Other available languages: FR
Member of the European Commission responsible for Education, Culture, Multilingualism and Youth
Cultural diversity and the Transatlantic Trade and Investment Partnership
Education, Culture, Youth and Sport Council meeting/Brussels
17 May 2013
Remarks by Commissioner Vassiliou during an exchange of views with EU Culture Ministers on the proposed Transatlantic Trade and Investment Partnership.
Unfortunately Commissioner De Gucht, who is responsible for this file, could not be present today for this exchange of views. So he asked me to speak on his behalf.
The EU and the US are about to enter into negotiations towards an ambitious trade and investment agreement that would shape the future economic relationship between the world's two most important economic powers. This has the potential to give a powerful boost to the economy on both sides of the Atlantic and send a strong signal of leadership at a time of rapid changes in the world economy.
I will not comment on the mandate itself, which is being discussed and will be agreed in another Council formation, but I welcome the opportunity to clarify some important aspects – and objectives - of the upcoming negotiation. The paper tabled by the Presidency provides a very good frame to do so.
Achieving this agreement is a very high priority. At the same time, it should not impair the ability of the EU and its Member States to preserve and promote cultural diversity. This is an obligation under the EU Treaty, under the acquis, as well as under the 2005 UNESCO Convention on the protection and the promotion of the diversity of cultural expressions.
The Commission has already flagged the sensitivity of these issues and has expressly acknowledged the particular concerns of the audiovisual sector.
As my colleague Karel De Gucht has stated: the cultural exception is not up for negotiation.
We shall therefore ensure that an agreement with the US does not jeopardize the ability of the EU and its Member States to maintain their commitment to cultural diversity and fully implement and adapt their policies and instruments to the rapid evolutions of the environment.
It is certainly a matter of crucial importance for Member States' policies to be able to secure public services missions, support and promote local talents and cultural industries, implement linguistic diversity and contribute financially to European content production.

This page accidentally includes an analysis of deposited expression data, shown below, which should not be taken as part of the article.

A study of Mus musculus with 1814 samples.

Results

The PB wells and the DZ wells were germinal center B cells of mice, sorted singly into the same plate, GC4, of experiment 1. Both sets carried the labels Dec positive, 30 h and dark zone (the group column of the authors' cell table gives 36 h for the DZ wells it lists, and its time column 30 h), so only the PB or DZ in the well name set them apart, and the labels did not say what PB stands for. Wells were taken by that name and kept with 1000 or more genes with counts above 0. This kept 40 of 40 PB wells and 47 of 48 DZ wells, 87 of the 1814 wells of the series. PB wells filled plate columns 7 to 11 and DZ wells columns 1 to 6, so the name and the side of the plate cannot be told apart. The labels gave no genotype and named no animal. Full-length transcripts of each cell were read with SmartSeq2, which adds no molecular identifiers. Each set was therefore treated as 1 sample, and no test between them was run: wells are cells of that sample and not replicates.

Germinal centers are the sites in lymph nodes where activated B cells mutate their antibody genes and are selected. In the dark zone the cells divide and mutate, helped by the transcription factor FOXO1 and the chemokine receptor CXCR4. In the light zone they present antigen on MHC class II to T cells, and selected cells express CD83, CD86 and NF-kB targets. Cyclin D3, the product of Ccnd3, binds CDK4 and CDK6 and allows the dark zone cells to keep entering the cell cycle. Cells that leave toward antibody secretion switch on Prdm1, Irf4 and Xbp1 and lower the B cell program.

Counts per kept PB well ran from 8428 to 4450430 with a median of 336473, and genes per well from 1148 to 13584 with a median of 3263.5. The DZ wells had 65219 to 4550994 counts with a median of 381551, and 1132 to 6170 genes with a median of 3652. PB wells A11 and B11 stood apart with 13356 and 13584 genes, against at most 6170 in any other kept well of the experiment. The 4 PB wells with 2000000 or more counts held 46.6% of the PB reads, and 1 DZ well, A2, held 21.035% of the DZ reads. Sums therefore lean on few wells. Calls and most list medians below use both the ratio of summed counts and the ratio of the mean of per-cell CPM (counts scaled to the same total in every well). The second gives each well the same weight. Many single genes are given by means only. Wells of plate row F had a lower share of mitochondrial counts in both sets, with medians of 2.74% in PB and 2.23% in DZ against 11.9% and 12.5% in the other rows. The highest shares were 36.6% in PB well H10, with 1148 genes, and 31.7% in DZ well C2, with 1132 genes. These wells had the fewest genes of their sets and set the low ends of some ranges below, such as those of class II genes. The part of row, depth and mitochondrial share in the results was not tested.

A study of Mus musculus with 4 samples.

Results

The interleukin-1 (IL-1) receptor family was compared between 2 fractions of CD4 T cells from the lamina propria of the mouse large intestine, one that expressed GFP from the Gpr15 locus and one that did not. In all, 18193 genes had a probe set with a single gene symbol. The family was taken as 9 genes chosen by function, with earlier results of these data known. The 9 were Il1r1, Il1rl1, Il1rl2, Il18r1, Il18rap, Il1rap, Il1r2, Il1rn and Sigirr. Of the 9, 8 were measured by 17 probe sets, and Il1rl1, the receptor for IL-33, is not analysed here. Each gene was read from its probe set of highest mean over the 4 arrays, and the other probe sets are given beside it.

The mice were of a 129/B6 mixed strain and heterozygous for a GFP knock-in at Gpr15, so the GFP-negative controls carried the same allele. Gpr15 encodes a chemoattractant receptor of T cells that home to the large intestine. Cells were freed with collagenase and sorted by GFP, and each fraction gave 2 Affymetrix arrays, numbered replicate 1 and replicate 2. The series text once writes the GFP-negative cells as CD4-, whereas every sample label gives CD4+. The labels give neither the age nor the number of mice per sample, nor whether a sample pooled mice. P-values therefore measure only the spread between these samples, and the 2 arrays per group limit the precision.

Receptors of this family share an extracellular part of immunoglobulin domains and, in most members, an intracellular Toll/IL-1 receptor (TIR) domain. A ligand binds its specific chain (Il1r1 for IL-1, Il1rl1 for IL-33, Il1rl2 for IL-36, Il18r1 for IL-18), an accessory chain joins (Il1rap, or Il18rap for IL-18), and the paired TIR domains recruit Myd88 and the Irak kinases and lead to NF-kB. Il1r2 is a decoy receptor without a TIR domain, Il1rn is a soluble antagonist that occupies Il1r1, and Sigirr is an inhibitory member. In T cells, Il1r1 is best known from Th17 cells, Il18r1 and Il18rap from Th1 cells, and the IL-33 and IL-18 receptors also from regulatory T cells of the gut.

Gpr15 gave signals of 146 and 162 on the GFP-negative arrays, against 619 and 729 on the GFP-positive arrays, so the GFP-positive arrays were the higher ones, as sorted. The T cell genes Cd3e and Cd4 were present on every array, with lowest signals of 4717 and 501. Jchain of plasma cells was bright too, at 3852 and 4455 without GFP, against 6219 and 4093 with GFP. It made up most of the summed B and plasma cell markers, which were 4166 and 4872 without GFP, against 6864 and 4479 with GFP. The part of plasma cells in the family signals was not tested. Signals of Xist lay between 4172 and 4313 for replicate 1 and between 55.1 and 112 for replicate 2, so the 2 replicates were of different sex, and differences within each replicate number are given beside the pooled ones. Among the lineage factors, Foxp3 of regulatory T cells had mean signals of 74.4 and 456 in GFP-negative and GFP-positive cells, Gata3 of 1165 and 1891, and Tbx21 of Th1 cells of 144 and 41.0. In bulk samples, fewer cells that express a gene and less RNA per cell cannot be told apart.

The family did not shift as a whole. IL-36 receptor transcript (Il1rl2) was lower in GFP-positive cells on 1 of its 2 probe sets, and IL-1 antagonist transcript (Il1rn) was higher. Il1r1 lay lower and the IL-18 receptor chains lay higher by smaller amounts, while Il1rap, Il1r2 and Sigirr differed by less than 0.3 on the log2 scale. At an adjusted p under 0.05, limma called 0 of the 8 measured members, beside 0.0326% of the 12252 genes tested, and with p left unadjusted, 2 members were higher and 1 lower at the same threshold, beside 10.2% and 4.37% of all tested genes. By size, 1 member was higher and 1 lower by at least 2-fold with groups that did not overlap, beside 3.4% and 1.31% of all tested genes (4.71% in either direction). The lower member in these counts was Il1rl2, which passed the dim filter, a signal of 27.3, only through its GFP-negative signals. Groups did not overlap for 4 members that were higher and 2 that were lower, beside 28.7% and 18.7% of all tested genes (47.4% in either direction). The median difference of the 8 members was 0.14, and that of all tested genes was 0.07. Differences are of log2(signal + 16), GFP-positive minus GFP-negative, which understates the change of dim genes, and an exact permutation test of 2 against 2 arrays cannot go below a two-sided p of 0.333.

It is also important for the EU as a whole, as it has developed over time an audiovisual policy and a European Agenda for culture. In this context, specific instruments have been developed which establish European preferences, both in the MEDIA programme supporting the audiovisual sector and in the regulatory framework for audiovisual and media services.
Building on the Television without Frontier Directive, the Audiovisual Media Services Directive contains measures to promote European audiovisual content both for broadcasting services and new video-on-demand services. The EU must preserve this acquis.
I would therefore like to take this opportunity to make it crystal clear that we shall of course maintain the possibility for the implementation of the existing Audiovisual Media Services Directive (AVMS) concerning promotion and access to European works, both through traditional broadcasting services and new on-line services. This covers not only the so-called broadcasting quotas but also other types of measures foreseen for on-demand services such as financial contribution to the production and rights acquisition of European works or share and/or prominence of such works in the catalogue of on-demand services.
Other instruments, sometimes as important, are not up for discussion either: instruments such as public subsidies, financing obligations for broadcasters, taxes on film tickets, co-production agreements, linguistic policy measures, the functioning of channels invested with a public service remit, the existence of stockholding caps in channels and networks, intellectual property rights or specific social-security systems.
EU Member States provide an estimated €3 billion per year in film support: €2 billion in grants and soft loans, as well as €1 billion in tax incentives. None of this is at stake.
Furthermore, we need to think of the future. The Commission adopted on 24 April a Green Paper on "preparing for a fully converged audiovisual world: growth, creation and values". This launches a debate about the adaptation of our instruments, including with respect to the AVMS Directive and the issue of the promotion of European content.
In the upcoming negotiations with the United States, we should not only maintain the EU acquis but also secure the 'policy space' we need, which means our ability to adjust our policies as much as necessary.
Dear Ministers, in short, protecting and promoting cultural diversity in the up-coming trade negotiation with the US means respecting three clear red-lines:
The existing EU policies and instruments and corresponding measures at Member States' level shall not be touched on during negotiations;
The existing national measures to regulate the audiovisual sector and support domestic and European content shall not be touched on during negotiations;
We shall maintain our ability to continue adapting and developing meaningful policies for cultural diversity, both at EU and Member States' level.
With a clear consensus on these three elements, we can both grasp the full benefit of an ambitious trade agreement with the United States and fully respect our European responsibility with respect to cultural diversity.
It will be now up to the Member States in the Trade Foreign Affairs Council to work on the Commission's proposal. The shared objective is clear. We now need an agreement on the best way to secure it in the up-coming negotiation.
I will of course follow with great attention their development from my particular cultural diversity angle.